The Circus Maximus is an ancient Roman chariot racing stadium and mass entertainment venue located in Rome, Italy. The stadium is located between the Aventine and Palatine hills and it was largest stadium in ancient Roman Empire. It first took its distinctive shape under Julius Ceasar. Chariot races were one of the Roman's most popular forms of entertainment.
Circus Maximus through History
The Circus was Rome's largest venue for public games related to Roman religious festivals. These games were supported by famous and important Romans citizens or by the Roman state for the people and in honor of the gods. Most were held annually or at annual intervals on the Roman calendar. Others might be given to fulfil a religious vow, such as the games in celebration of a triumph. Tarquin the Proud to Jupiter vowed the earliest known triumphal religious games at the Circus in the late regal period for his victory over Pometia. Every game ranged from one-day or even half-day events to spectacular multi-venue celebrations held over several days, with religious ceremonies and public feasts, horse and chariot racing, athletics, plays and recitals, beast-hunts and gladiator contests. With the accumulation of power, the games held at the Circus Massimo became more magnificient and elaborate. Politicians competed for divine and popular support by hosting or supporting these games. During the late Republic games were held for 57 days of the year: an unknown number of these would have required full use of the Circus. On many other days, charioteers and jockeys also used the track to practice for future events. Otherwise, it was a convenient corral for the animals traded in the nearby cattle market, just outside the starting gate. Beneath the outer stands, next to the Circus' multiple entrances, there were workshops and shops.
The most important races were held during the Roman Games, between September 4th and September 18th. Races lasted all day and often into the night, resulting up to hundred races a day. The number of the races was shortened to 5 laps to fit all of the competitions during the day. Other events held at Circus Maximus ranged from simulated battles, acrobatic routines, animal fights to religious processions. These races and events allowed social relationships among roman citizens that could enjoy pleasures as emperors did.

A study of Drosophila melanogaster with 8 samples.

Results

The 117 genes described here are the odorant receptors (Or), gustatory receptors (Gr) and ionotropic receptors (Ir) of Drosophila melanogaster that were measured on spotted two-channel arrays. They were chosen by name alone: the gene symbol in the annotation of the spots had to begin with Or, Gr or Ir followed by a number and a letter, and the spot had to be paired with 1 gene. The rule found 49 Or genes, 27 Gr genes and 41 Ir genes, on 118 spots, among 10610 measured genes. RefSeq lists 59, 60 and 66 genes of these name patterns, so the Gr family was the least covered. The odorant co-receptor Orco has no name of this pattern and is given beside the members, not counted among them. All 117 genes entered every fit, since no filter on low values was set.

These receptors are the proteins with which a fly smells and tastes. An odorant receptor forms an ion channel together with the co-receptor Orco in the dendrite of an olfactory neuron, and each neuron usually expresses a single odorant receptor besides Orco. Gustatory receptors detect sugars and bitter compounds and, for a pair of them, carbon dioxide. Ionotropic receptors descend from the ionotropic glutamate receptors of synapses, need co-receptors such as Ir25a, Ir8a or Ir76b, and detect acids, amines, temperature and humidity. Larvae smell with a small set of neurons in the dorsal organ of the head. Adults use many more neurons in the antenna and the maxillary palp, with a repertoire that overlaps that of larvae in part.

The stadium was damaged by fire several times over time, but the emperor always financed the restoration works. In the attempt of repairing the stadium, Circus Maximus was enlarged and it gained the dimensions it has today. One of the fires that damaged the stadium was the famous fire of Rome, for which the emperor Nero has always been accused. The last game at Circus Maximus was organized around 549 A.D.
Today, the Circus Maximus is a key part of Roman history and serves as a symbol of the Roman lifestyle today as yesterday, as it is the place where sports activities, concerts and public events are always held.
Circus Maximus, how to visit it and where it is located
The Circus Maximus is in Via del Circo Massimo. The easiest way to reach it is with the line B of the Metro, by getting off at the Colosseum metro stop and then doing a 15 minutes walk though Via Celio Vibenna and then Via di San Gregorio until the Circus Maximus. The access to the Circus Maximus is free; you won’t need a ticket as it is an open space where concerts and events are usually held. Therefore we suggest you to give a walk inside the path and imagine chariots running, gladiators fighting and the public roaring.